Rick Wakeman Performs and Shares Wondrous Stories: Review


Though Rick Wakeman billed his fall 2021 U.S. visit as “The Even Grumpier Old Rock Star Tour,” the keyboardist was anything but curmudgeonly. On the final show of his 14-date solo swing through the northeast, in bucolic Woodstock, New York, the prog rock legend had the sold-out audience at the Bearsville Theatre enthralled with his marvelous keyboard playing and in stitches with his engaging (and often ribald) stories.

For the latter, that Wakeman delivered in-between every performance, he shared stories from throughout his 50-plus-year career. In one such tale, he delightfully told how he was invited to provide a piano arrangement for Cat Stevens’ 1971 recording of “Morning Has Broken.” Though the song was a massive hit in the U.K., Wakeman’s session fee was the equivalent of 12 U.S. dollars. “And I never got paid,” he said, with a comedian’s timing. He had his revenge, of sorts, when he declined Stevens’ manager’s request to share the arrangement with the BBC’s union musicians for the singer-songwriter’s performance on Top of the Pops.

Watch Wakeman share the full story and play the song, in 2019

The classically trained Wakeman was a much in-demand session musician in Britain in the late ’60s and early ’70s, performing on such well known recordings as David Bowie’s “Space Oddity” and T. Rex’s “Get It On,” while simultaneously performing with the English rock group, the Strawbs. In 1971, Wakeman joined Yes and his public awareness grew, just as the group was taking off.

On the autumn 2021 tour, Wakeman performed a Yes medley that including such favorites as “And You and I” and “Wonderous Stories” on piano, and after switching to a Korg Nautilus that offers church organ samples, he dipped into his own solo catalog, with two selections from 1973’s The Six Wives of Henry VIII.

Rick Wakeman at the Bearsville Theatre, Woodstock, NY, Nov. 1, 2021 (Photo © Greg Brodsky)

When he introduced two Bowie performances (“Space Oddity” and “Life on Mars”), he allowed that of all the musicians he’s played with, “my favorite has to be David Bowie. It was an honor to work with him.” Wakeman noted that they had been neighbors for years. “I miss the old bugger,” he said, wistfully.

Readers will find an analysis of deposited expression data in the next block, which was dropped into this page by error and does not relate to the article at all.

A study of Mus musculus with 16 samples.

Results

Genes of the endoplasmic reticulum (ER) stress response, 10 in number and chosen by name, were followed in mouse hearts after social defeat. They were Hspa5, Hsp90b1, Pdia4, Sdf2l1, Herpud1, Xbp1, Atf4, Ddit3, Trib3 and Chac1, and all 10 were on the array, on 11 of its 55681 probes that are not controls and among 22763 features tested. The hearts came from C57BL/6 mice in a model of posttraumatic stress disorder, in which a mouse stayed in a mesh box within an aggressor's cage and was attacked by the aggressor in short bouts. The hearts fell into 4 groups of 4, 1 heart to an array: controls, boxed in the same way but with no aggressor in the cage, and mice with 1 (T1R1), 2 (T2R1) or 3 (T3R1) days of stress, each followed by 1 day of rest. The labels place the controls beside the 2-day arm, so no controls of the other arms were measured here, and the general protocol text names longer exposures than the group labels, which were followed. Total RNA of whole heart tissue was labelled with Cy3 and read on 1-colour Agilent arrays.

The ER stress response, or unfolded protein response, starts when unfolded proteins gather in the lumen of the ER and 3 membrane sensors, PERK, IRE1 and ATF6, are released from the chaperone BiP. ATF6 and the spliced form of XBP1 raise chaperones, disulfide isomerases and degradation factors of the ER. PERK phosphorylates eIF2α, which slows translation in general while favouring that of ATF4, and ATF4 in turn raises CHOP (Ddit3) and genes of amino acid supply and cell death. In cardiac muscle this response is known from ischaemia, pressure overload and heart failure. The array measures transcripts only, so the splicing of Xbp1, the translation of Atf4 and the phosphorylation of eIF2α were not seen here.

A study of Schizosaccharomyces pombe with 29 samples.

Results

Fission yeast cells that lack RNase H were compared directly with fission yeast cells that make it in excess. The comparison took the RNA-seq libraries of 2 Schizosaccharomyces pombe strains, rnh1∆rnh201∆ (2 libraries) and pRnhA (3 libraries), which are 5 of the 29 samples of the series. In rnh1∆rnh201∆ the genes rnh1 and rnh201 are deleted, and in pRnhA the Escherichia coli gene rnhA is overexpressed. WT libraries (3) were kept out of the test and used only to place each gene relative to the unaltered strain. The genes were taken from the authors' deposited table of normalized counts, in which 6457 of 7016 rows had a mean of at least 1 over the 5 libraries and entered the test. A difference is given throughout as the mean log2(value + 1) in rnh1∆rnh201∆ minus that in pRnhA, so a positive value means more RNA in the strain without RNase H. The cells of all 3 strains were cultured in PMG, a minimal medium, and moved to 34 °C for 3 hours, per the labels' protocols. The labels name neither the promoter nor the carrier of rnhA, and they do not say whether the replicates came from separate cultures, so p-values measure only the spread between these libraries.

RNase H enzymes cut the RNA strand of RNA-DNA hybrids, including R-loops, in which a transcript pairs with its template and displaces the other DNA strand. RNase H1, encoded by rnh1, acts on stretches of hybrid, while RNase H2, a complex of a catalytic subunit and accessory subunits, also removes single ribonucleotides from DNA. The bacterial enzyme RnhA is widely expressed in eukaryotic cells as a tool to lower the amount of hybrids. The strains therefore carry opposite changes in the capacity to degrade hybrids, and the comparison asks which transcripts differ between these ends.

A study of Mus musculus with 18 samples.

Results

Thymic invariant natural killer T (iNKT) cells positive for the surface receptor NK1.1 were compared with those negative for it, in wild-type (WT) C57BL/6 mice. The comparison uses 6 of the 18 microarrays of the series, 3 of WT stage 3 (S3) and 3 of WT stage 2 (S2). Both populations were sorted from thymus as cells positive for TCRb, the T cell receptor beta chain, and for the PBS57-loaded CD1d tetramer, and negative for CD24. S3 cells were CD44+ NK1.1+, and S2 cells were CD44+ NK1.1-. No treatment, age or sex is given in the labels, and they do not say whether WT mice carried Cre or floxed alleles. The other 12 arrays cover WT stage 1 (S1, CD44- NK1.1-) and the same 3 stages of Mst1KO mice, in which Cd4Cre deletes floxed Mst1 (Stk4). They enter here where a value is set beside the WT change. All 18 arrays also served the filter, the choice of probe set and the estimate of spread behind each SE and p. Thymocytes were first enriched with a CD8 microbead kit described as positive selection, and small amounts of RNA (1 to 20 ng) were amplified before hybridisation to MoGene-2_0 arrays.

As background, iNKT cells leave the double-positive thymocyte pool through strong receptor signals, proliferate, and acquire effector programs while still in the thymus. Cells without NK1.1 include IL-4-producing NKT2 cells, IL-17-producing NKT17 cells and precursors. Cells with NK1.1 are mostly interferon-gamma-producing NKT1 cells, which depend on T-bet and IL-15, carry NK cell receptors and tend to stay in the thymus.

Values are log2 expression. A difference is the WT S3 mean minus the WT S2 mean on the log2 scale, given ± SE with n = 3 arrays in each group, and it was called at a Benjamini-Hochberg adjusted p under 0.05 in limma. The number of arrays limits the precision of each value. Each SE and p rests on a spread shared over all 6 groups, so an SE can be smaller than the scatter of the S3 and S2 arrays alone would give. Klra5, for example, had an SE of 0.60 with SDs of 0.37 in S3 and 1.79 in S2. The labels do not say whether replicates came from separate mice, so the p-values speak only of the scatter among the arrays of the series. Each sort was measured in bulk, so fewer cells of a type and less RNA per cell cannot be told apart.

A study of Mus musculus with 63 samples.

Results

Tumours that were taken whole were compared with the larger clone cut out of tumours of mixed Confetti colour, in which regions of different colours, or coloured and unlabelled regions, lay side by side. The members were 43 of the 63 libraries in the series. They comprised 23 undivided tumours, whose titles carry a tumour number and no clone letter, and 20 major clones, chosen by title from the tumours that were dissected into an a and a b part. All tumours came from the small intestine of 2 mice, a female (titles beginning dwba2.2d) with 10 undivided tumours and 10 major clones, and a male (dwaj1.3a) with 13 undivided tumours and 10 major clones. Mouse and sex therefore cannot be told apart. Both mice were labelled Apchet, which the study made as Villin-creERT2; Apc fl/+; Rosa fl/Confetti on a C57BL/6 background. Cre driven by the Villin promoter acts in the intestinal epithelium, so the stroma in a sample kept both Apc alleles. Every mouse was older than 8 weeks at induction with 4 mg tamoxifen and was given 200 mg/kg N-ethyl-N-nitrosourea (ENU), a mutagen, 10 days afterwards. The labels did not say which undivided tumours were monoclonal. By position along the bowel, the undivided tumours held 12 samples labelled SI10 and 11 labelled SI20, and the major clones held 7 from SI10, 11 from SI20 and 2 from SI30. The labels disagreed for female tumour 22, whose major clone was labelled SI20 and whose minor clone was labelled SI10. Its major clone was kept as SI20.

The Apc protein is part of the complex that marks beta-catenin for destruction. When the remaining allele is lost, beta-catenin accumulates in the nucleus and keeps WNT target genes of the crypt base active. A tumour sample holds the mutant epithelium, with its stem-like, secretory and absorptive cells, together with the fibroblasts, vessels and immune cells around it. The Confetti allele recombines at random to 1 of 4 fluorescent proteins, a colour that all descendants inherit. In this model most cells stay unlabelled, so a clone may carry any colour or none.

Two Beatles covers were turned completely upside down. While in school, a professor had challenged him to try to perform contemporary songs in the style of a classical composer. On this evening, he played “Help!” in the style of the French composer, Saint-Saëns. “Eleanor Rigby,” normally in a melancholy arrangement, was a revelation, with lively flourishes in the manner of Prokofiev.

Watch Wakeman perform “Eleanor Rigby” in 2018, in a clip released in 2021

He cheerfully read questions that the audience had submitted in advance and his spontaneous answers would make a seasoned stand-up comic jealous. “Do you ever give lessons?” earned a quick-witted response, “In what?”

Wakeman, born May 18, 1949, told a funny story of a live television interview that he did several years ago when on tour with fellow Yes alums Jon Anderson and Trevor Rabin. Some of his bawdy anecdotes likely made some audience members blush. (Best Classic Bands asked Wakeman if that A-R-W lineup would reunite. “Something will happen,” he said. “I’m sure.” He also allowed that he and Yes guitarist Steve Howe would be having dinner together the following week.)

Wakeman’s wickedly irreverent acceptance speech when YES was inducted in the Rock and Roll Hall of Fame in 2017 has become legend.

Related: Our coverage of that induction, including Wakeman’s speech

Wakeman was recognized by Queen Elizabeth II in 2021, who named him a Commander of the Order of the British Empire (CBE) in her annual Birthday Honours.

When the keyboardist tours, tickets are available here.

    #1 v2787 18 May, 2022, 13:58

    Rick Wakeman is a musical treasure. And he’s funny as hell.